Syrian cease-fire: Another try at pragmatism in three besieged towns

Previous cease-fires failed to hold in the towns, where Sunnis and Shiite residents are besieged. But a realization that both sides benefit is generating hope this one, to be overseen by the UN, will succeed.

Khalil Ashawi/Reuters
A view shows the Shiite Muslim town of Foua in northwestern Syria, September 22, 2015.

After two months of on-off negotiations and two failed agreements, Iran and Syrian rebels have agreed to a six-month cease-fire in three besieged towns that will include the evacuation of civilians and combatants. And despite the previous failures, there are signs of hope this time.

The deal, which will be overseen by the United Nations, includes the Sunni-populated town of Zabadani, 17 miles northwest of Damascus and adjacent to the border with Lebanon. Since July, Zabadani has been under siege by the Syrian Army’s 4th Armored Division and fighters from Lebanon’s militant Shiite Hezbollah organization.

The understanding allows for the surviving rebel forces and their families and any other civilians who wish to leave to head to the rebel-held Idlib Province in northern Syria. Each fighter reportedly is permitted to carry one light weapon and a backpack. Heavy weaponry must remain behind or be destroyed.

“It’s a case of pragmatism because everyone is in a tight spot,” says a Western diplomat familiar with the arrangements. Heavy fighting that preceded the cease-fire led to the conclusion that both sides would benefit.

Thousands of civilians affected

The other two towns involved in the deal are in Idlib Province: Foua and Kefraya, both populated by Shiites, have been besieged by an array of rebel factions for more than six months. Under the arrangement, up to 10,000 civilians will be allowed to leave the two towns and move to government-controlled territory further south. It was unclear whether the deal also permits the departure of combatants from Foua and Kefraya.

The cease-fire negotiations became possible following the assault on Zabadani in early July. The former summer resort town is the last significant rebel stronghold in the Qalamoun region between Damascus and Homs. Hezbollah and the Syrian army made slow but steady progress. By last week, the remaining rebels reportedly had been squeezed into a few blocks in the city center.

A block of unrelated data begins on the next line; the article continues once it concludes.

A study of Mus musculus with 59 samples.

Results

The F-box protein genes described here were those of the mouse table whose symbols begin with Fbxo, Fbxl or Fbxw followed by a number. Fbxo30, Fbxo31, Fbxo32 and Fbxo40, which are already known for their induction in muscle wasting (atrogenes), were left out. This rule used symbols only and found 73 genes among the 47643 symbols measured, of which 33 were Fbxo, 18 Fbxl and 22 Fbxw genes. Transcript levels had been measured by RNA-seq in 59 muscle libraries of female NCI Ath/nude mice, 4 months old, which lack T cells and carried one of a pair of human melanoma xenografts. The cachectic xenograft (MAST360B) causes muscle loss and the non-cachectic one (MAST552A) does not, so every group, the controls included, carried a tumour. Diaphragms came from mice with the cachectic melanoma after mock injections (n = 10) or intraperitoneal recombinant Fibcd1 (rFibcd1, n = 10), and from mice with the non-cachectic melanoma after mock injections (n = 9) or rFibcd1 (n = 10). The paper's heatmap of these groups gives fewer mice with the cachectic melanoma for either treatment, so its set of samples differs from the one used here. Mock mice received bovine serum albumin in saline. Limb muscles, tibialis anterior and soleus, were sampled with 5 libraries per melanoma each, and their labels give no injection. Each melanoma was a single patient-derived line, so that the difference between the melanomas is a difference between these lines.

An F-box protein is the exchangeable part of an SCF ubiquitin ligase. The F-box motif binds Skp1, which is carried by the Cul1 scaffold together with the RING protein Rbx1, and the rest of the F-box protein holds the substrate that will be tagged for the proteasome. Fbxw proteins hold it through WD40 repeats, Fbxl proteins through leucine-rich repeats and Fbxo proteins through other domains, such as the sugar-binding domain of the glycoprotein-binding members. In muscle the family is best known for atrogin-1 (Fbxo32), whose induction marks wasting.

However, rebel factions, including the militant Islamist Ahrar ash-Sham and Al Qaeda-affiliated Jabhat al-Nusra, tightened their joint siege of Kefraya and Foua to put pressure on Iran and Hezbollah to ease the offensive against Zabadani. The quid pro quo assaults led to Turkey-brokered, and UN-facilitated, cease-fire talks between Iranian officers and representatives of Ahrar ash-Sham.

“We didn’t want to take down Zabadani completely because of what would happen to Foua and Kefraya. Both sides needed a deal,” says Abu Khalil, a veteran Hezbollah fighter who has served more than 20 combat tours in Syria, including in Zabadani. 

Humanitarian aid before evacuations

In early August, a cease-fire collapsed after a few days. Iran was pushing an arrangement to evacuate the populations of all three towns, but Ahrar ash-Sham rejected the offer, saying it was a “plan for sect-based displacement.” But it did say it would hold consultations with other rebel factions and residents of Zabadani.

Iran, a key backer of the regime of Syrian President Bashar al-Assad, has been accused of driving Sunnis away from core government-held areas and allowing Shiites to settle instead.

Last Friday, Foua was subjected to a heavy barrage of hundreds of rockets and at least seven suicide car bomb attacks. Two days later, both sides agreed to a cease-fire for the three towns. The cease-fire led to the breakthrough deal.

The two-stage arrangement will begin with the provision of humanitarian assistance to the populations of Zabadani, Foua, and Kefraya. That should last two weeks, and then the population evacuations will take place.